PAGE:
For Tesla CEO Elon Musk short-sellers have always been public enemy number one and this month will be no different.
Investors holding short positions have earned more than $1 billion in mark-to-market profits in May, according to data compiled by S3 Analytics. That total ranks as one of the most profitable months for short-sellers since 2016.
Short-sellers have gained roughly $3.88 billion in on-paper profits in 2019, after the automaker posted losses in each of the last three fiscal years. Tesla is the second-most shorted U.S. stock, trailing only Apple.
“Tesla’s stock price will have to get back over $300/share for shorts to be deeply in the red again and the threat of a short squeeze to be valid,” wrote Ihor Dusaniwsky, S3 Partners’ managing director of predictive analytics. “Winter almost came for Tesla short-sellers, but now it looks more like spring is in full bloom.”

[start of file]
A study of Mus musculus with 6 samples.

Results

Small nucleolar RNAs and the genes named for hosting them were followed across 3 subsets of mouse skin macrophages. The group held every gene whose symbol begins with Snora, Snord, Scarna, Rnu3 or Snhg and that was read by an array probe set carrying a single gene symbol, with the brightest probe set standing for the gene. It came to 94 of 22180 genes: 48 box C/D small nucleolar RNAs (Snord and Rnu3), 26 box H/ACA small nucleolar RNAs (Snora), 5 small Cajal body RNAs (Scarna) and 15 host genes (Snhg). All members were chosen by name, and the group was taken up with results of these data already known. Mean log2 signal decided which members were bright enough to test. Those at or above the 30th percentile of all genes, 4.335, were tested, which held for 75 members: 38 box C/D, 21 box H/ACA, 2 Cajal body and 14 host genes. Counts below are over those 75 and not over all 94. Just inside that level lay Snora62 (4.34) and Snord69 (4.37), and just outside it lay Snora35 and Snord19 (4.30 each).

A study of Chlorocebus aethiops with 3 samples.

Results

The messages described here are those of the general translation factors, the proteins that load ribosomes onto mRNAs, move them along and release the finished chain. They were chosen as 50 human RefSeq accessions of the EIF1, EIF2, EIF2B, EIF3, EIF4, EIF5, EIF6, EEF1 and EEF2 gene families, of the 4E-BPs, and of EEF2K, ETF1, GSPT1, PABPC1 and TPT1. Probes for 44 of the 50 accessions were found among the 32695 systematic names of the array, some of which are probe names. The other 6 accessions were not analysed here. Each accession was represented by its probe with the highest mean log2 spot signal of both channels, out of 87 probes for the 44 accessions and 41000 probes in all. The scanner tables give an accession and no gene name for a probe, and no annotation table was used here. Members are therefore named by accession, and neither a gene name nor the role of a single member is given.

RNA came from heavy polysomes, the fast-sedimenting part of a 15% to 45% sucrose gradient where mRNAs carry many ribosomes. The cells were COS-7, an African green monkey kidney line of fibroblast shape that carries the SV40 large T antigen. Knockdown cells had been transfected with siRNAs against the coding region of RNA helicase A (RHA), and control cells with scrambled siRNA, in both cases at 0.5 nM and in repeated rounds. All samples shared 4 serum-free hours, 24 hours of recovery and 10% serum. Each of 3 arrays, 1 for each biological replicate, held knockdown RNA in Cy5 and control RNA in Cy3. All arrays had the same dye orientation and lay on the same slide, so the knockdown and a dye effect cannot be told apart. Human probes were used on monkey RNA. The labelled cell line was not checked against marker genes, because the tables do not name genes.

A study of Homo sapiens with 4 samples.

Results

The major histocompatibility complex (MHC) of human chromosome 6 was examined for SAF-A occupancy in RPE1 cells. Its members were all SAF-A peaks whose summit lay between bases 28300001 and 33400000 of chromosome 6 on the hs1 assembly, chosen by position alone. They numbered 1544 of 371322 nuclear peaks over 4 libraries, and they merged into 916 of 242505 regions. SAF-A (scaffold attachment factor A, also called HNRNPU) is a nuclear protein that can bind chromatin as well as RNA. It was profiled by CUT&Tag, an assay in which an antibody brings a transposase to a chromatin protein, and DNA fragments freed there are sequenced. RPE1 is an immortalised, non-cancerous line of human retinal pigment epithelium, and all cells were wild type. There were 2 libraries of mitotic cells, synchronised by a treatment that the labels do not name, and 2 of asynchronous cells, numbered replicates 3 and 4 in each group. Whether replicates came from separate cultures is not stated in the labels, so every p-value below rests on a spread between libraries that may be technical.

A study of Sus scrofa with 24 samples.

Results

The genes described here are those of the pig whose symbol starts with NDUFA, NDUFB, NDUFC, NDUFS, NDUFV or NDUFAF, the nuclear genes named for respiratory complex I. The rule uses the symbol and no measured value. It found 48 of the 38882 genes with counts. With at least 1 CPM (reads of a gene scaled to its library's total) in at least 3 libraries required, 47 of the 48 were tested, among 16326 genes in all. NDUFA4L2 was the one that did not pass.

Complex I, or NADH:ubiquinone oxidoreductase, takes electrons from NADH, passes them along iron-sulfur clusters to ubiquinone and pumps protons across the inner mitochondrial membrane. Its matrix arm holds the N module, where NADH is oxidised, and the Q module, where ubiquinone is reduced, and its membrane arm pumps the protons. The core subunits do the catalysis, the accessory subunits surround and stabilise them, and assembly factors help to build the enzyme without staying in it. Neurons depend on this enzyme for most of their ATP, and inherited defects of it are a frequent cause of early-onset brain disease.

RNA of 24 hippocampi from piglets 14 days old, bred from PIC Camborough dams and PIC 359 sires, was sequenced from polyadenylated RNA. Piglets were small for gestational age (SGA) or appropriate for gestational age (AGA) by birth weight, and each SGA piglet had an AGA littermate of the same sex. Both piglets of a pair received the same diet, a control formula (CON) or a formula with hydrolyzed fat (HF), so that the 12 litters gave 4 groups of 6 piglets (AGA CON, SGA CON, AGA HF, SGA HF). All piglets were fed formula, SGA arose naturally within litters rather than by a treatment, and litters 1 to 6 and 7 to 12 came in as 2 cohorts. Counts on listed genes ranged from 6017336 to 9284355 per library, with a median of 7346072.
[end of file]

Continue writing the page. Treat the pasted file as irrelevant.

Tesla shares have fallen about 15 percent in May and roughly 40 percent since the start of 2019. The electric car maker reported in April that it delivered 63,000 vehicles in the first quarter, far below expectations of 76,000 deliveries. The company posted a $702 million loss for the quarter.
Elon Musk’s firm is also contending with safety concerns related to its “Autopilot” technology. The National Transportation Safety Board said last week that the system was engaged during a fatal crash involving one of Tesla’s flagship Model 3 sedans in March.
Wall Street firms have hammered Tesla in recent days. Morgan Stanley said Tuesday that its shares could fall to as low as $10 in its worst-case scenario, citing concerns that “Tesla has grown too big relative to near-term demand.”